First Look on with Microsoft’s next browser, Project Spartan
We’re finally getting a real taste of Microsoft’s new Web browser Project Spartan. That’s just a codename for now, but based on my recent experience with the online surfing tool, which I downloaded with the latest Windows 10 Preview Build, the name fits.
It would be easy to describe Project Spartan as a boiled-down version of Internet Explorer, Microsoft’s legacy browser that will live on with less frequent updates. But that description would also be wrong. Spartan, which arrives alongside Windows 10 later this year, has a new browsing engine, one that IE will not share.
In practice, Spartan feels whip-fast. It may also be that there’s little else that comes along with the web pages — in the form of icons, menus or other surrounding clutter — to slow down page loads.
Project Spartan is still recognizable as a web browser. But Microsoft dispensed with things like color (beyond white and gray) and text, leaving a very simplistic interface. You have to intuit what the icons mean and where to type in your URL.
If that sounds like a bad thing, it’s not. Project Spartan delivers Microsoft’s goal: a browser where everything but the website fades into the background.
There are still tabs, of course and a simple plus sign lets you add more. Forward, back and reload buttons exist, too. There’s an icon for storing your favorite site URLs, and a smiley face button that lets you offer feedback and report bugs. There are also some more interesting features, such as the ability to mark up and share page elements (under a simple pen and paper icon).
Project Spartan lets you markup web pages with text and art. You can also clip and share portions.
Page markup works well. I could draw on any website, and highlight and clip any portion of a page. I could then paste the clip into a Paint file, email or social media account.
Spartan is also the first Microsoft browser to integrate Cortana, Microsoft’s voice assistant. When I typed “weather” into the address bar, Cortana jumped into action and showed the weather for my location in a large box below the address bar (where I typed the original query). I know it’s Cortana because of the red circle next to it. I was also able to select a topic on any web page and right click to access Cortana, which offers up topic details in a large pane on the right.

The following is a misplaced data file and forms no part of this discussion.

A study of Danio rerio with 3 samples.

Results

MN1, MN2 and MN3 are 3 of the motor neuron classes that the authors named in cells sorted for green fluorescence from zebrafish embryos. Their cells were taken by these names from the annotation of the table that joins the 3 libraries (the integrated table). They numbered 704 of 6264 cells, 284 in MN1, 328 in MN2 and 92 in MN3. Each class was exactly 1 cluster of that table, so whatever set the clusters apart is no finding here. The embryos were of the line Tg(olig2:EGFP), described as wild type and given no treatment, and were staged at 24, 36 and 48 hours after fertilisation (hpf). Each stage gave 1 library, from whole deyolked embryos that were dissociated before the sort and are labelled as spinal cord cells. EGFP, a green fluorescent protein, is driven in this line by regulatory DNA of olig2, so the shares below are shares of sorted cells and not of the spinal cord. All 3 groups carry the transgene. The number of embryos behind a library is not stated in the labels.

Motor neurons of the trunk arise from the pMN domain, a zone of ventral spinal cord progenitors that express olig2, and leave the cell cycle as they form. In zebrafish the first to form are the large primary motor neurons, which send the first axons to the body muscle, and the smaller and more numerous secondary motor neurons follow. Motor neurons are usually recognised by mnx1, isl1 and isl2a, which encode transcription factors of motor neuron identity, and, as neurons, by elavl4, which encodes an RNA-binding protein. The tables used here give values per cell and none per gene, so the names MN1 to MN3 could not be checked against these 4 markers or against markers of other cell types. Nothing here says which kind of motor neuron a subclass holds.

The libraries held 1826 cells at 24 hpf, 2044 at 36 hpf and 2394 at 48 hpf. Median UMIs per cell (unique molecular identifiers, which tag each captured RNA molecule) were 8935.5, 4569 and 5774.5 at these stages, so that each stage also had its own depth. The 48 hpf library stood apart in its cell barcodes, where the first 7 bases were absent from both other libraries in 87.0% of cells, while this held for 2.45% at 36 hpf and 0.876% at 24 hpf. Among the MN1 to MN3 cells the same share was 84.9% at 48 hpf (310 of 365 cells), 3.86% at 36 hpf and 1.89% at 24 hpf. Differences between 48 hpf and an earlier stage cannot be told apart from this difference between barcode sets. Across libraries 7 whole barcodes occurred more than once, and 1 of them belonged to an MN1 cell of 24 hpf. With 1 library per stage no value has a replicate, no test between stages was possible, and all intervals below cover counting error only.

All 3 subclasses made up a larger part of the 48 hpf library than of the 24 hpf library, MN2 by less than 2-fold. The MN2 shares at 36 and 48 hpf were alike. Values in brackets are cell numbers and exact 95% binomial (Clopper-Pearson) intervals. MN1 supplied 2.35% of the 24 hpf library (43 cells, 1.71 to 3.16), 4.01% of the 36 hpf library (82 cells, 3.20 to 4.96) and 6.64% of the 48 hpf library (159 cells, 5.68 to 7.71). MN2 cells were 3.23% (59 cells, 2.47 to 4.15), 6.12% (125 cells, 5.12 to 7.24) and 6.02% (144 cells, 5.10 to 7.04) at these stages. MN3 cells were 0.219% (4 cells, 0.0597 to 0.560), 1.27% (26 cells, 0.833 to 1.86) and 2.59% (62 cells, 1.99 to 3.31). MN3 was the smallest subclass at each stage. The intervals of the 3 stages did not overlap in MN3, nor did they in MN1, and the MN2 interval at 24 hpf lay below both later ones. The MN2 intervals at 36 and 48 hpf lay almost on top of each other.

Pretty much anywhere Cortana could find extra information on my subject or desired page, it did. The one thing it didn’t do: talk to me. Cortana in Windows 10 is a voice assistant. In Spartan, it’s more like a silent assistant. Even so, I was impressed with this early look at Cortana integration in Spartan.
Project Spartan integrates Microsoft’s Cortana. It knew where I was and delivered the weather forecast.
Microsoft promises more stability with Project Spartan. So I tried to open a bunch of YouTube pages to see if I could overload it with as many videos running simultaneously as possible, but I couldn’t crash it. Not bad for beta software.
Project Spartan had no problem with YouTube video.
I checked Task Manager to see if Spartan is using resources more efficiently. But just like Google’s Chrome, it has separate processes for each page (Internet Explorer uses a lot of resources, too, but tends to group them together).
Adding them all up, it looked like Spartan was eating roughly the same amount of computing resources as other Web browsers. So, yes, it’s stable. I can’t say yet if it’s more efficient.
This is the first public beta of Spartan. By the time you use it with Windows 10, I expect the interface will have changed, Cortana will be even more visible and Project Spartan will most certainly have a new name. Though I wouldn’t mind if Microsoft decided to keep the Spartan moniker, which is fairly apt.
If you want to try out Project Spartan yourself, join the Windows Insider program and opt for “Fast Ring” downloads. This essentially gives you access to new Microsoft Windows Code as soon as Microsoft is ready to share it. Regular Insiders usually get these updates a few weeks later.